13 dead in Navy Yard shooting, including gunman
By Chris Moody and Dylan Stableford, APWASHINGTON — The FBI is asking the public for help in determining why a former Navy reservist opened fire early Monday at the Washington Navy Yard, killing at least 12 people before he was shot dead by police.
September 17, 2013, 2:11 pm TWN
The suspected gunman was identified by the FBI as Aaron Alexis, a 34-year-old civilian contractor from Queens, N.Y., who most recently resided in Fort Worth, Texas. The FBI asked the public to contact the bureau with any tips related to the shooter.
"This investigation is still very active," Valerie Parlave, the FBI's assistant director-in-charge, said at a news conference. "No piece of information is too small."
According to a bio released by the U.S. Navy, Alexis was a full-time reservist from 2007 to 2011. He left the Navy on Jan. 31, 2011, as a petty officer 3rd class and had been working for the fleet logistics support squadron No. 46 in Fort Worth.
Washington Mayor Vincent Gray said Alexis was shot during a gun battle with officers.
Alexis was arrested in Fort Worth in 2010 for discharging a firearm in city limits, police records show. Alexis told police he had fired the gun accidentally when he was cleaning it, according to a police report filed with the Tarrant County Criminal District Attorney's Office. Charges were never filed.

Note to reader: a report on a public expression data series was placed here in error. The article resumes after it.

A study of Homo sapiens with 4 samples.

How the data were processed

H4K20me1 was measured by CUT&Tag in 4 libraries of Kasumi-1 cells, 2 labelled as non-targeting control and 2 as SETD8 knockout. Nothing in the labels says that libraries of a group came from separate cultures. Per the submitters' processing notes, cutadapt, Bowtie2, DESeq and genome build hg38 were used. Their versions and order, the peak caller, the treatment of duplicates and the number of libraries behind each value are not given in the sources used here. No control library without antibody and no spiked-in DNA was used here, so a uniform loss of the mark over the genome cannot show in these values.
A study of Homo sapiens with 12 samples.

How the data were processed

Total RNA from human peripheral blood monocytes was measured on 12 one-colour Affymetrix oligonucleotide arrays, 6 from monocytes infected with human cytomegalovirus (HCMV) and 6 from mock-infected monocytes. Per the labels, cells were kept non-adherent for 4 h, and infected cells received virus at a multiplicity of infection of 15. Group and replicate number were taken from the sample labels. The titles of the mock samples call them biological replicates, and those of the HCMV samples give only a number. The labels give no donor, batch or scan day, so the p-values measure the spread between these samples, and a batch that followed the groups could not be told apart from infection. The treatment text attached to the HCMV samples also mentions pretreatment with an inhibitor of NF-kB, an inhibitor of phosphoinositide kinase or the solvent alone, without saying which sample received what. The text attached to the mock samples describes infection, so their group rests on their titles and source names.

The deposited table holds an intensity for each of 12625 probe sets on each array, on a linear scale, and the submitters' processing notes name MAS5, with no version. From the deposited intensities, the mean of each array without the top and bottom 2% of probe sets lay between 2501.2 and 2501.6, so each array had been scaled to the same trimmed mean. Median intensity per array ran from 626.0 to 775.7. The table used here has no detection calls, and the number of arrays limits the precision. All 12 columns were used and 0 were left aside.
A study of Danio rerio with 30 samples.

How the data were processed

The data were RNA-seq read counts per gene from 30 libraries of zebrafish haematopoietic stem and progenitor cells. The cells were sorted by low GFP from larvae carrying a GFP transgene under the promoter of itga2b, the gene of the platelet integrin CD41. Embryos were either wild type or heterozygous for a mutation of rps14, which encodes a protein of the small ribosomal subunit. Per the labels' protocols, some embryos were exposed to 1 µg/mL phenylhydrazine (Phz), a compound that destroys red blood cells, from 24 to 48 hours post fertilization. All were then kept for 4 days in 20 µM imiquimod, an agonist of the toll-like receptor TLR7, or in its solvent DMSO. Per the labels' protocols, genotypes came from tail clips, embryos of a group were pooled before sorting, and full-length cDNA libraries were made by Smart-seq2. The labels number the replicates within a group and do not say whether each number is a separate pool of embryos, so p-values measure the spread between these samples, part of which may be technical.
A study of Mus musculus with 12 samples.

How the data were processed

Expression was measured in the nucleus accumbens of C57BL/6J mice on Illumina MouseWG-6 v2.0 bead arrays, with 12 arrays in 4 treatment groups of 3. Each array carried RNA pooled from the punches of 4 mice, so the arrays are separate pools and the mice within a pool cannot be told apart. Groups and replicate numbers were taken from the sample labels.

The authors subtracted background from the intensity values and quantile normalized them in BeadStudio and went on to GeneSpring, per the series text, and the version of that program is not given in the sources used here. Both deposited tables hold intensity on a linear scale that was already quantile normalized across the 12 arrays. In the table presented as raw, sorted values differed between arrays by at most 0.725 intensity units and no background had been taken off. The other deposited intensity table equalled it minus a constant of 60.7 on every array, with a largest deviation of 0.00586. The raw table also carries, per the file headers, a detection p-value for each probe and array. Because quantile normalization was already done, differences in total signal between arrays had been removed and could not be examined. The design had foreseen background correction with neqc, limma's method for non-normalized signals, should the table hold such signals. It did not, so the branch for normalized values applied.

Alexis was also arrested in Seattle in 2004, according to the Seattle Police Department, for "shooting out the tires of another man's vehicle in what Alexis later described as an anger-fueled 'blackout.'"
A Navy official told Reuters Alexis received a general discharge from the Navy in 2011 "after a series of misconduct issues."
The Navy Yard was placed on lockdown after shots were fired inside a building on the base, the Navy said. A Metro police officer and naval base officer were among those injured in the shooting, according to the D.C. Metro Police.
"As far as we know, it's an isolated incident," Gray said. "We don't have any known motive at this juncture."
The mayor said there was "no reason at this stage" to believe it was terrorism, but would not rule it out.
Gray said the victims ranged in age from 46 to 73, and were either civilians or contractors.